It’s true – I’ve pretty much always been on the “glass-is-half-empty” team. But I vowed this year to work on taking on a more optimistic perspective. I’ll let you know how that goes. Talk to me when we get through this winter first; no positive thoughts are going to be associated with this mess.
CBT – Stop the Self-Talk
There is a whole counseling theoretical approach that ascribes to talking yourself out of negative thinking. It’s cognitive behavioral therapy (CBT) and you learn to recognize and replace a non-productive thought with a more positive, realistic statement. Instead of thinking, “I’m totally stupid!” you might say, “This is difficult material to understand.” That shows a shift from negative thinking to a more balanced, potentially positive view.
So work on stopping what I call “lizard brain” thinking. It’s an emotional, reactive and mostly crappy place we all retreat to at times. But the lizard is canny and will sneak back into your thoughts if you aren’t really paying attention. It’s okay to be reptilian for awhile, but don’t let it consume you – move on.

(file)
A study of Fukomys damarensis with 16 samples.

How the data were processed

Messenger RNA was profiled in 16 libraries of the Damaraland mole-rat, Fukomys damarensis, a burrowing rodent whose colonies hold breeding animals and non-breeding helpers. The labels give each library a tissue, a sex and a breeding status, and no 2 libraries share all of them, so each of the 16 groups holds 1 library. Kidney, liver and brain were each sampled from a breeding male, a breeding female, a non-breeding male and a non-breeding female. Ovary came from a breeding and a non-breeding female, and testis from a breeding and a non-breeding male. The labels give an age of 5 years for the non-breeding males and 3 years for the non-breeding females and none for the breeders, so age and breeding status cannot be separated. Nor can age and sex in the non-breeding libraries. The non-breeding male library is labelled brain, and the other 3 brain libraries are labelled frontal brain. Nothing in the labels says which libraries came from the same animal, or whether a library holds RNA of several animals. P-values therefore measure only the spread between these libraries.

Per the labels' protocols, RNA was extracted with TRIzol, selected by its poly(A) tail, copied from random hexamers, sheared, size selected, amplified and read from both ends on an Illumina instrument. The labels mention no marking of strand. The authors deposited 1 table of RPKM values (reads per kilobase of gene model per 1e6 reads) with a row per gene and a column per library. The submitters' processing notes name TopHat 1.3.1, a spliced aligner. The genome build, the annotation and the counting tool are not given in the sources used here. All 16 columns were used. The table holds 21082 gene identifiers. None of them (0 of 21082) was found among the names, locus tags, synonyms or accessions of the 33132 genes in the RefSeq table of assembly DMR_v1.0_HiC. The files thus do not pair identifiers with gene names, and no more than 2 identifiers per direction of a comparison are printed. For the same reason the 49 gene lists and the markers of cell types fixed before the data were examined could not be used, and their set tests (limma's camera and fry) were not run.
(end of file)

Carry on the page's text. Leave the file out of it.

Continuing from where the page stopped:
What About Colleagues?
We all work with a “Debbie Downer” or “Nihilistic Nick.” These folks wouldn’t recognize a positive thought if it bopped them on the head. But not everyone who is being whiny or complaining fits that profile. We all have really bad days, professionally and personally, and we’re allowed to be grumpy or in self-pity mode. But the key is to move on and make an overall shift to a more optimistic and open frame of mind.
As I’ve gotten older, I’ve become more selective about with whom I spend my time. I’ve started to jettison really toxic people. They are the “black holes” who suck you in and are almost always in crisis mode. One good indicator that you’ve got them in your life is that you constantly feel drained and exhausted after spending time with them. Work on distancing yourself and find people who enhance your life.
This is a career advice post from Nancy LaFever.